Donald Grayston

In one week in the fall of 1983, just before I left All Saints’, Burnaby, on a six-month sabbatical, five people in the parish asked me to be their spiritual director. This had never happened to me before, and I was a little nonplussed.

I told them that since I was going away, it might be a good idea for them to find another director. However, if when I returned they still had not found one, we could work together.

I responded in this way for two other reasons as well. I knew that to offer spiritual direction with authenticity, one should be in spiritual direction oneself, and I wasn’t.

And then the real reason: it scared me—they would find out how, deep down, I was shallow. Perhaps they would all find other directors, and I’d be off the hook. But no such luck. When I came back, two of them had indeed found other directors, but the smiling faces of the other three greeted me expectantly.

So I did find my own director, a marvelous Roman Catholic sister, who was a solid rock for me in a difficult time in my life. And I did start working with the three persistent ones (cf. Luke 18.1-8); and thus began what for me has been a profound journey, and one of the major dimensions of my ministry.

What then is spiritual direction? It’s also called spiritual companioning, spiritual guidance, and soulfriending—terms which may give you some larger sense of what it’s about. But let’s clear the decks.

First of all, spiritual direction is not psychotherapy, nor is it counseling, nor is it “coaching” (a recent arrival in the array of helping occupations). If you have a mental illness, you go to a psychiatrist or a psychodynamic therapist. If you are in a crisis, you go to a counselor. If you need to set success-oriented goals in your life, you go to a coach.

Why then go to a spiritual director? Because you want company or accompaniment on your spiritual journey. You want to grow in your faith as a discerning Christian; and so you find someone whom—you hope!—is farther along the road than you are, and who will encourage you in the One Journey, which is at the same time your unique journey.

And how does this happen? In ways appropriate to your place on the spiritual path. Your director/soulfriend will listen to you, pray with you, if appropriate, suggest particular things to read, help you establish your own spiritual practice, or ask you to reflect on various aspects of your lifestyle. It is not the “spiritual life” (whatever that is!) that is the subject of the direction relationship: it is your entire life, the only life you have, every part of it—before God.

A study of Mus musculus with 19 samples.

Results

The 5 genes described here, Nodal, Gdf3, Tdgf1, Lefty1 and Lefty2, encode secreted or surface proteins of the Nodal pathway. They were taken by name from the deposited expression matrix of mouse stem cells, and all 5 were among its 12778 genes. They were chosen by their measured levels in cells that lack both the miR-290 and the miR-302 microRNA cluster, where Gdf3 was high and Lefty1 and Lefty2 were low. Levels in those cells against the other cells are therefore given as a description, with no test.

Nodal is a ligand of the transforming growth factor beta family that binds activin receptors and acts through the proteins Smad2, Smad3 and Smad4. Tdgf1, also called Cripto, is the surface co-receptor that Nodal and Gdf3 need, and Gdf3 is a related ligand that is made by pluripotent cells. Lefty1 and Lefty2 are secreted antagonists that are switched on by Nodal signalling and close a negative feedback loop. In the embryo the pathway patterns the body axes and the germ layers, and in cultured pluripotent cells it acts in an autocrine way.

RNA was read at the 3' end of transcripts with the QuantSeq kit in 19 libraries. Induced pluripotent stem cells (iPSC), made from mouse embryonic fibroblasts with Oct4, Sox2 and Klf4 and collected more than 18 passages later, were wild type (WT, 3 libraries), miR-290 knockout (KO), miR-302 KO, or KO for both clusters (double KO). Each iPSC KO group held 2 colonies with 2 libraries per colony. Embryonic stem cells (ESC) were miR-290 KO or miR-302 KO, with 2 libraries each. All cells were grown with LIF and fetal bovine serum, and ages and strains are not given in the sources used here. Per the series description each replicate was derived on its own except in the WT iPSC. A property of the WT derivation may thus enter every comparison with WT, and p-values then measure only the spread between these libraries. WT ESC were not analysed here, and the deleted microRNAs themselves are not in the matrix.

A little flag here: direction—does that mean a spiritual director gives me directions about how to live my Christian life? No. The director works with you to help you discern your own direction, the direction in which God is calling you forward towards the divine heart.

After some years of being a director on my own, I was privileged to work with others in setting up the Pacific Jubilee Program in Spiritual Formation and Spiritual Direction (, a training program for people who feel called to be soulfriends or spiritual directors.

I am also a member of Spiritual Directors International–SDI–which is having its annual leadership institute and conference here in Vancouver in April (with two Anglicans, Mary Millerd and Jeannette Stigger, as co-chairs of the local committee).

On the evening of Thursday, April 12, there will be a public event to which anyone interested in spiritual direction is warmly invited. For further information about this, check out the SDI website ( you can also find information on how to find a spiritual director for yourself.

I conclude with the words of a song which for me expresses the essential ethos of spiritual direction:

I am here, in the heart of God;
I walk the path the saints have trod.
As I set forth, Mercy takes my hand;
She leads me to the Promised Land.

Bon voyage!

Don Grayston is a priest currently working at St. Thomas, South Vancouver, and is director of the Pacific Jubilee Program in Spiritual Formation and Spiritual Direction.